Propecia (finasteride) is widely marketed as a cure for hair loss in men &mdash: male pattern baldness. Under a different name, Proscar, finasteride is also used to treat enlarged prostates. In both cases, the drug works by reducing the body’s ability to create certain male hormones. Unfortunately, this helps create two side effects that men and their loved ones would rather avoid: impotence and an increased risk of aggressive prostate cancer. These serious side effects are the basis for numerous lawsuits now being pursued by Missouri Propecia lawyers.

The U.S. Food and Drug Administration revised Propecia’s label, as well as the labels of other drugs in its class (5-alpha reductase inhibitors), in June of 2011 after receiving new information on the potential prostate risk. In the study involving finasteride, men taking the drug for seven years had a reduced risk of any prostate cancer diagnosis. This was attributed to a lowered incidence of mild prostate cancers. However, those who were diagnosed showed an increased incidence of high-grade prostate cancer, which means aggressive ones. These are the most serious and high-risk cancers. To make matters worse, Propecia also reduces levels of the body chemical doctors use to detect prostate cancer, making it possible to miss a cancer diagnosis. As a result, the FDA now asks doctors to assess prostate cancer risk before prescribing Propecia and other drugs in its class.

Less deadly, but often upsetting and debilitating, are the sexual side effects of Propecia. Real users and scientific studies have shown that patients may develop reduced libido or even erectile dysfunction. In some cases, this continues even after patients no longer take the drug. While the FDA label for Propecia doesn’t carry a special warning about this, it does mention that Propecia users were more likely than placebo users to drop out of studies due to problems with libido, erection or ejaculation. The drug regulators in Sweden and the United Kingdom require labels that list persistent erectile dysfunction continuing after stopping the drug as a potential side effect.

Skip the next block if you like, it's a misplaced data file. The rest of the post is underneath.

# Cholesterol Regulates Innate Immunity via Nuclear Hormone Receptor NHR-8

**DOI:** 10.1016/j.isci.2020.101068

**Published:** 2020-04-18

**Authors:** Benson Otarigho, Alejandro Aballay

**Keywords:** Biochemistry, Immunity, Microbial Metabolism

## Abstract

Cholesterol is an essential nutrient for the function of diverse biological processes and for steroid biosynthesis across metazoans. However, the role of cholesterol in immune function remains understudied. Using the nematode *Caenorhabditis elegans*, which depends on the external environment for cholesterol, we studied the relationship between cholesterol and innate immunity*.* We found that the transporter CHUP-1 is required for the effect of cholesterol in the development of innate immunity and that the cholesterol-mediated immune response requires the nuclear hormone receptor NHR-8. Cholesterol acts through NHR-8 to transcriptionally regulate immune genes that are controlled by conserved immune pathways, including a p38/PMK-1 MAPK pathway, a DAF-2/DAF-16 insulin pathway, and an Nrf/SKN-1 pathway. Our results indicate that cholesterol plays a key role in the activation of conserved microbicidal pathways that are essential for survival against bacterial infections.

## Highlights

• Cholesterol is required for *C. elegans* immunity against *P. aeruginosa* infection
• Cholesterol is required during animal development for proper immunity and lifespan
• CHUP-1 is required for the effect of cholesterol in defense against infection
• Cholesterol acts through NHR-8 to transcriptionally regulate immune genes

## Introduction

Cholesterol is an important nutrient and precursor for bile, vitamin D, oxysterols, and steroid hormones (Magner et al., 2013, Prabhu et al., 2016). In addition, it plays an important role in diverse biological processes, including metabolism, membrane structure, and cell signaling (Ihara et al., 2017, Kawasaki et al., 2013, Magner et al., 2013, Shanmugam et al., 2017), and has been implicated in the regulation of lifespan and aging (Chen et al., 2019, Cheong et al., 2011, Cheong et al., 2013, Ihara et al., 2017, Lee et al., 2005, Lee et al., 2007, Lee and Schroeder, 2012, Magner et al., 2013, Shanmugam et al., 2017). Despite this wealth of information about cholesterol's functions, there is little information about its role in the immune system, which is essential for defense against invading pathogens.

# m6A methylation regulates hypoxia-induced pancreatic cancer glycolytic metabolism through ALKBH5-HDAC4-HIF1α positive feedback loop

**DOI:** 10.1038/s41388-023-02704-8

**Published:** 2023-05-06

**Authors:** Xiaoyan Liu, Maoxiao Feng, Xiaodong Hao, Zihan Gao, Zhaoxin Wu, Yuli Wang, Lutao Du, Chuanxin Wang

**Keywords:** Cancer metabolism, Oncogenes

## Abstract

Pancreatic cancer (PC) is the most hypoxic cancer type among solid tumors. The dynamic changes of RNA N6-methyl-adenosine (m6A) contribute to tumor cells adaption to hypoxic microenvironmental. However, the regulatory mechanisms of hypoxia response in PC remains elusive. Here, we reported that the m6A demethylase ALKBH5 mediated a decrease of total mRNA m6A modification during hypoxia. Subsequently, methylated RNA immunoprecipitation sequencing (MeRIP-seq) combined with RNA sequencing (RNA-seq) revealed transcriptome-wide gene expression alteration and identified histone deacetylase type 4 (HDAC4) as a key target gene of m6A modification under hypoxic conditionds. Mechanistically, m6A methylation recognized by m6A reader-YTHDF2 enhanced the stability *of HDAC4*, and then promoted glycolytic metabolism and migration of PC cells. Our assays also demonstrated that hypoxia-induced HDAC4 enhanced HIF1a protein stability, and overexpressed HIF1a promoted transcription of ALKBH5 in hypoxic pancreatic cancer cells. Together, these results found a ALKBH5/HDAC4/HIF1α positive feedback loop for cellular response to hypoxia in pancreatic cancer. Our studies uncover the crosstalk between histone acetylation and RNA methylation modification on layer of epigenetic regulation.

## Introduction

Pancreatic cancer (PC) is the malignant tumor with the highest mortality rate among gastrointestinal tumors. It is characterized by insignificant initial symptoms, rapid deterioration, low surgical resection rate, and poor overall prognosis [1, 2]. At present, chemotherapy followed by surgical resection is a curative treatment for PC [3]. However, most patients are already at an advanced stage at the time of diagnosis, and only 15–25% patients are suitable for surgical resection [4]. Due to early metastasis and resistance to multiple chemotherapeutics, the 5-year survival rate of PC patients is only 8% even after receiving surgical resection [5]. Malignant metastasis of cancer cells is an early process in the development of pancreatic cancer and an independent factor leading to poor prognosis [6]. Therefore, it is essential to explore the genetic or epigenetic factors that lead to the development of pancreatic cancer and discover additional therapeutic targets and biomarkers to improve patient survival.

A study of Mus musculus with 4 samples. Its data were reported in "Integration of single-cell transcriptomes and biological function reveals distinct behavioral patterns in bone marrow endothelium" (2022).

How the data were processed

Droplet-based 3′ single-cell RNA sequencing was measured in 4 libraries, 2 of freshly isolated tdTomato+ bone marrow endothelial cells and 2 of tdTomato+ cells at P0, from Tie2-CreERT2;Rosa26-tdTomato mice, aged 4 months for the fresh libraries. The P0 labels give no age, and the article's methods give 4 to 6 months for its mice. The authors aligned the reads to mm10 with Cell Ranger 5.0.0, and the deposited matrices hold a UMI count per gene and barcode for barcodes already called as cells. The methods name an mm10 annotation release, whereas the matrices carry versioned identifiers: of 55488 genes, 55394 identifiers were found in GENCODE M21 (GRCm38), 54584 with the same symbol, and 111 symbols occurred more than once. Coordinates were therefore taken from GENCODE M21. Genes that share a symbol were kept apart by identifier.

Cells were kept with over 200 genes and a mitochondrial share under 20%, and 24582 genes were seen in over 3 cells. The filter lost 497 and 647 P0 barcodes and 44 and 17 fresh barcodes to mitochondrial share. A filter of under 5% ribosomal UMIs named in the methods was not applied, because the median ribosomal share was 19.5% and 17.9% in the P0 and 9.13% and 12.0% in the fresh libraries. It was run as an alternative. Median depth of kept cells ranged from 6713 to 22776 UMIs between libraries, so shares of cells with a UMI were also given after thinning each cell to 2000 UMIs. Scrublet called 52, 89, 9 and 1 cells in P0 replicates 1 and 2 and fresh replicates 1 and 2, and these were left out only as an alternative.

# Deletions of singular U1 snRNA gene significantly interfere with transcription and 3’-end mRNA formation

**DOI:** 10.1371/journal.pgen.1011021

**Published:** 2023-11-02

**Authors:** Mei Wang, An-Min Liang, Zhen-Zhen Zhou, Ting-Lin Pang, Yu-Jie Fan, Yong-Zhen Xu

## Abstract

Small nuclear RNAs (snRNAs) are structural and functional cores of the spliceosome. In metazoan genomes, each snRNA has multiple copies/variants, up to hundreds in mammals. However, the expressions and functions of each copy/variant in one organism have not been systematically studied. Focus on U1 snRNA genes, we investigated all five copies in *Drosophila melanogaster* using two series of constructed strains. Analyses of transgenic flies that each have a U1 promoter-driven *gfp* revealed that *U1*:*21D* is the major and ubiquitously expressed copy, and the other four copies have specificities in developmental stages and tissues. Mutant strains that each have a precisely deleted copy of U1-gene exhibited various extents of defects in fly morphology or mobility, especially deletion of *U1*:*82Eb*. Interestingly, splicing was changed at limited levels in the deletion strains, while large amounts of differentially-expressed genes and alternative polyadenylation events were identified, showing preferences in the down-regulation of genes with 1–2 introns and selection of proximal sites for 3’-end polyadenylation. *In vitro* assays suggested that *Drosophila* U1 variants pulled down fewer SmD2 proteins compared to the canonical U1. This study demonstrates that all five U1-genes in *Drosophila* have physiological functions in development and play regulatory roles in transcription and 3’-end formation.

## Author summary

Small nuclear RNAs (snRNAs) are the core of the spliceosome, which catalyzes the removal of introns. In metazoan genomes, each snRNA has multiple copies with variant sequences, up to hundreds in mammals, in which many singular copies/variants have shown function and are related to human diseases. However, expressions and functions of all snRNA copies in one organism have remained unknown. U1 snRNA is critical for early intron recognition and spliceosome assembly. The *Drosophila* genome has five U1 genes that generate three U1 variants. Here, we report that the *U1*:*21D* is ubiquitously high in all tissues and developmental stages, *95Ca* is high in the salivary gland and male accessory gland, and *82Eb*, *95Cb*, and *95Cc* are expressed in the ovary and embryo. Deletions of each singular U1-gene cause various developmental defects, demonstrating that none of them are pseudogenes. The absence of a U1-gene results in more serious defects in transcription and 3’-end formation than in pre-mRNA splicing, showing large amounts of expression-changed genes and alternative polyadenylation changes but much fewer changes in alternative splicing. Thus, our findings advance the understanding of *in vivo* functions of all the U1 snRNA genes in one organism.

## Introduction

In practice, many patients abandon Propecia after experiencing these sexual side effects, and many doctors now prefer to prescribe other drugs. Unfortunately, researchers have found the drug’s effects to persist for years after patients stop taking it. Propecia’s manufacturer, Merck, has already faced lawsuits from Missouri Dangerous Drug Attorneys representing men who believe they suffered long-term sexual dysfunction from taking Propecia. These include men under age 40 and men who didn’t take the drug for long. Sexual dysfunction may not be fatal, but it has a major effect on men’s (and women’s) quality of life, affecting their self-perceptions and their happiness as well as their relationships with others. And of course, aggressive forms of prostate cancer can be deadly.

If you suffered persistent sexual dysfunction or were diagnosed with prostate cancer after taking Propecia, you should call the Missouri Propecia lawyers at E. Ryan Bradley today to discuss how we can help. Based in St. Louis, we represent clients across the state who were hurt by Propecia and other prescription drugs. When prescription medications, or any other consumer product, carry a serious safety risk, their manufacturers are legally required to warn patients. Unfortunately, the FDA still has not ordered a special warning about the risk of long-term sexual dysfunction in patients taking Propecia. And while the FDA did order a warning about prostate cancer in summer of 2011, the drug was available for many years before. In a failure to warn suit, patients and families hurt by Propecia can claim compensation for all of their medical costs, their lost quality of life, pain and suffering and more.

E. Ryan Bradley offers free, confidential consultations, so you can tell us your story and learn more about your legal rights. To set up a meeting, call us today at 314-400-0000 or contact us today to find out more.